Here are the pros and cons of some common eCommerce navigation and functions, plus a quick refresher on the elements that your online shop has to have in place in order to sell online.
There are six compulsory elements that must appear on any Australian website designed for online retail. They are:
1. Business contact details You should include your ABN, a postal address, physical address, email address (if possible) and phone number.
2. Pricing You must clearly display the currency and the actual price of each item for sale on your website.
3. Refund policy Explain how customers can return or cancel an order and request a refund. Remember, your refund and exchange policy must be clear and comply with Australian Consumer Law (ACL). Goods and services bought online must meet the same statutory conditions and warranties as for in-store sales, and consumer statutory rights are also the same for online purchases.
4. Security policy Describe the measures in place to protect customer communications, personal details and payment data (for example, SSL certificates and SecurePay).
5. Terms and conditions Outline the legal terms governing the use of your website.
While your site must include the elements above, below we consider the value of a variety of optional extras that allow customers to search your eCommerce website more efficiently or that present visitors with new options and validation for their purchase choices.
Product videos can take many forms, from catwalk videos for fashion items, to video reviews and comparisons, to how-to video guides demonstrating how to assemble, install or operate a product.
Pros Videos not only do well on search (giving your website SEO benefits), visitors who view product videos are 64–85 per cent more likely to make a purchase than visitors who do not. Also, if you create a video you can share it on the YouTube channel to draw traffic to your site. Educational videos such as “Five stylish ways to tie a scarf” and even product unboxing videos such as the ridiculously popular Egg Surprise videos can garner thousands of hits.
Cons Videos can be expensive and time consuming to produce. Why not trial a video or two for certain products and see whether you convert more sales? Alternatively, if you’re selling products from big brands you may be able to embed existing product videos on your own site.
If you stock brand name products, customers may want to search just the items by a particular brand, label or designer.
Pros Shop by brand navigation is great for SEO (because customers are more likely to be searching for the brand name than your online store, unless you’ve already got good brand awareness), and it’s ideal for brand-conscious buyers if you sell well-known electronics and fashion brands, for example. It gives customers another way to sort products and gives you additional insights into the stock that’s most and least popular.
Cons How extensive is your selection? A shop by brand selection may make the gaps more apparent. You also need to consider how competitive your pricing is on brand goods, as shop by brand can make it easier for customers to compare prices.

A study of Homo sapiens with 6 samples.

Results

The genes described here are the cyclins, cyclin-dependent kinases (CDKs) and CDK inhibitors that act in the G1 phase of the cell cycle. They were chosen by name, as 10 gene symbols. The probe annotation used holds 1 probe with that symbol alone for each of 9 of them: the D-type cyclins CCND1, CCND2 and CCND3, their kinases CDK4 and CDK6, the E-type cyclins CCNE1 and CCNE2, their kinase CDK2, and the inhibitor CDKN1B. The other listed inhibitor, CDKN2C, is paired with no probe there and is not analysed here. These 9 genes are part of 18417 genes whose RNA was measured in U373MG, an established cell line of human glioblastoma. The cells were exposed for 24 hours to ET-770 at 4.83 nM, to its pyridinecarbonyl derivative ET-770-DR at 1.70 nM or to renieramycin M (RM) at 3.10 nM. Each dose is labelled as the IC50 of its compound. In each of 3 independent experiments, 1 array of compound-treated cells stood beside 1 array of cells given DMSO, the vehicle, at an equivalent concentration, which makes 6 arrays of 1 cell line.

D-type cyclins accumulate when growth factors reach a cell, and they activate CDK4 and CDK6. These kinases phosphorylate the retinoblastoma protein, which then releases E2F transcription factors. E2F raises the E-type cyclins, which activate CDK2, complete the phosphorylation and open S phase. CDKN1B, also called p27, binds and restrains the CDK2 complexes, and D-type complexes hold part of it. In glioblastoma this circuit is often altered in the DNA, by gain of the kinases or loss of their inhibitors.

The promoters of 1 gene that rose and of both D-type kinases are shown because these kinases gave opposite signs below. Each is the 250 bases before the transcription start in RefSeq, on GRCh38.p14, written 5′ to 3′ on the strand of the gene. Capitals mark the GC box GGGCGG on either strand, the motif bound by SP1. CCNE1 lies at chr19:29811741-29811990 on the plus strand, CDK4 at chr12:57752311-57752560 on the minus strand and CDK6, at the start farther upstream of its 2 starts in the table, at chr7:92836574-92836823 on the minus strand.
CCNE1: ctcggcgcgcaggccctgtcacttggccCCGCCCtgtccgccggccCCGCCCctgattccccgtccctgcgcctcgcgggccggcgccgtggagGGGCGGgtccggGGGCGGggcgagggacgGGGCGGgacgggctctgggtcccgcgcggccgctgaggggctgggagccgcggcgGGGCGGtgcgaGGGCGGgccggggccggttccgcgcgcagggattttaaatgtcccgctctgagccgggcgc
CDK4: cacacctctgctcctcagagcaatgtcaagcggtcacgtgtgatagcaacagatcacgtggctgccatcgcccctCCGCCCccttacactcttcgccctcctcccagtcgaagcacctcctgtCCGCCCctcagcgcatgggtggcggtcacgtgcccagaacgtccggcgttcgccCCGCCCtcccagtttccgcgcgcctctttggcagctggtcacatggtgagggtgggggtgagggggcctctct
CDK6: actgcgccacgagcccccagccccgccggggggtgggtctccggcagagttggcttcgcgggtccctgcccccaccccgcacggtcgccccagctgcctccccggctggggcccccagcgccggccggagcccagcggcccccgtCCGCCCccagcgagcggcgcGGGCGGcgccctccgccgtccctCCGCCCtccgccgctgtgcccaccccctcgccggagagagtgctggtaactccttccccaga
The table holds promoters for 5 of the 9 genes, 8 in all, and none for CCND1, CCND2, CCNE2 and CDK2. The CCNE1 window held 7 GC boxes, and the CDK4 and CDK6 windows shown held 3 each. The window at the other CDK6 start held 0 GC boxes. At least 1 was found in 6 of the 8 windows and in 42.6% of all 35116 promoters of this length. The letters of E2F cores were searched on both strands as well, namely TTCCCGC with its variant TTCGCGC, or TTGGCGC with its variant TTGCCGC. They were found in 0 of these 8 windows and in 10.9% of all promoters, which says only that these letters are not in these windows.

New arrivals or new in store lets customers see your latest stock.
Pros New arrivals is a good search feature to have if you have lots of repeat visitors who may simply want to see what’s new since their last visit. It’s also a valuable search option for customers who want to be right on trend.
Cons New in store won’t work if you rarely add new lines. It might also stop you from clearing older stock.
Product comparisons work best for online stores that sell items with objective specifications that are important to convert the sale: think electronics, tiered services, appliances, hotel accommodation and rental cars.
Pros Allowing customers to compare features and prices can help a customer find the right product for them, potentially decreasing returns and buyer’s remorse.
Cons Some customers may get overwhelmed or confused by all the choices and end up not making the purchase at all.
Many online shops give products a rating (a score out of 10 or star rankings, for instance) and include customer reviews. Around 61 per cent of customers say they read online reviews before making a purchase, and having them on your site can lead to an 18 per cent sales uplift from increased conversions, bigger orders and repeat business.
Pros Ratings and reviews, especially ratings and reviews from other customers, give potential buyers social proof of the value, performance or suitability of an item. Even the occasional negative review isn’t necessarily bad because it shows that the reviews aren’t fake. Also, if customers are tentative because they can’t touch/try out/ try on your products, reading how other people found them may be the tipping point into purchasing.
Cons According to Reevoo, you can expect around 4.6 per cent more sales conversions if products have 50 or more reviews. That’s a lot of reviews. Many customers won’t write a review, so you need high traffic to ensure you get reviews for products. Alternatively, you may need to encourage customers to come back and write a review. If you have a loyalty program, you could use points or small discounts as incentives.
Most of the optional features we’ve discussed here are available as free or paid-for plugins, depending on what shopping cart platform your online store uses. In some cases, there are multiple options available. You’ll probably also find additional comments and insights on how they work within merchant shopping cart forums.
Did you know that when you sign up for SecurePay Online Payments we’ll make sure you’re compliant with Australian requirements for online retail websites?